Life after bankruptcy: How to rebuild your credit score
You filed for bankruptcy and were given a clean slate. Your credit must have already been ruined by the time you were applying for bankruptcy. Now your biggest worry is rebuilding your credit score after it took a massive hit. Your credit reports will contain information on your bankruptcy for 10 years. It will be hard getting your credit back on the right track at first but things will get better with time.
Rebuilding your credit will not be an easy task but if you read this article, you will know how you can get started.
Plan your finances
Before you finished your bankruptcy, you went through pre-discharge credit counseling. There, you were given information on budgeting. You need to plan your finances and one way is through creating a budget and sticking to it. You can also try saving as little as you can and put it in an emergency fund. This will help you when unexpected events occur by cushioning you and preventing you from borrowing unnecessary loans.
Ensure your credit reports have no errors
You will be surprised at the number of errors reported by consumers. You need to ensure your credit report is accurate by checking it regularly. A simple error can affect your credit score. Bankruptcy will be on your record for 10 years from the date you filed for bankruptcy. You need to ensure the discharged accounts are listed and the balance is $0. Also, ensure the filing date is correct. You do not want your account to reflect your bankruptcy for an extended period.
Get a retail card or secured credit card
You might think that your purchasing power is destroyed but this is not the case. Even when you have been declared bankrupt, you still qualify for some cards that can give your credit score a boost.
Secured credit cards need you to make a deposit beforehand that will protect the lender in case you are unable to make payments. In most cases, the credit limit is the same amount as the deposit. Before you run to get the secured card, read the fine print as there are some that will not approve your application until you resolve your bankruptcy.
Retail cards do not have so many regulations. However, they have high-interest rates and hefty penalty fees.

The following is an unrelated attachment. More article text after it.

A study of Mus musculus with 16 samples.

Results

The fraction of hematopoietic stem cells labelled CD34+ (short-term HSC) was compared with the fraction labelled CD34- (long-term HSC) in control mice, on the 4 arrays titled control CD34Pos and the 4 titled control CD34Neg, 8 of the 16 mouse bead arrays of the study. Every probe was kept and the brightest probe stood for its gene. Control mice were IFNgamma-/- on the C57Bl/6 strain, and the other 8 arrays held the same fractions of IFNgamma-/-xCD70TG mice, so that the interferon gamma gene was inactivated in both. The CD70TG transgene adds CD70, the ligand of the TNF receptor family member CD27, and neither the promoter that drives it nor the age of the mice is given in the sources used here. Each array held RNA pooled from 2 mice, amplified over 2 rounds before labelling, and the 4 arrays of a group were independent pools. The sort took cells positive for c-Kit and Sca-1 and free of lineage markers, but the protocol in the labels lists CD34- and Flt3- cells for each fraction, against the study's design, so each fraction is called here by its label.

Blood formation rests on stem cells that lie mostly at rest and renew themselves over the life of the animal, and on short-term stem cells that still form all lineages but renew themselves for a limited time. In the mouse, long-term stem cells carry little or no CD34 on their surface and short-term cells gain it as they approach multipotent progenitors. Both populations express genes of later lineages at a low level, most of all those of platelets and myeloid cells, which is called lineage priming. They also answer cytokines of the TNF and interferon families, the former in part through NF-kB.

When taking credit cards, the same rules apply to everyone. Do not take more than you need, keep low balances, and make timely payments.
Consider getting credit-builder loans
You want to rebuild your credit. Why take another loan when that’s what got you here in the first place? This is not any type of loan. Credit-builder loans operate differently than you are used to. You do not get the money immediately. Instead, the money is put in a savings account until you finish making all the payments when it is released to you. The goal is to boost your credit when you make payments on time.
Like the secured and retail credit cards, read the fine print before you commit yourself.
Pay your non-bankruptcy loans
Even though most of your debts were discharged in your bankruptcy, there are some that you have to pay like student loans. Any active accounts will continue affecting your credit score. You need to continue paying your existing loans including those that are not on your credit report yet. If you fall behind on your payments, they could be reported and this will negatively affect your credit report.
Ask if your payments can be reported to consumer credit bureaus
If you are making your rent payments on time, having them reported can boost your credit score. You can ask your landlord to report it to the major consumer bureaus. You can also ask service providers to do the same when you make utility payments on time. This will encourage you to make your payments on time.
Building your credit will take time and you need to be patient. By taking one payment at a time, you can slowly get your finances back in order. It may be a few years before your credit score is back on track, but these tips are a good place to start that journey.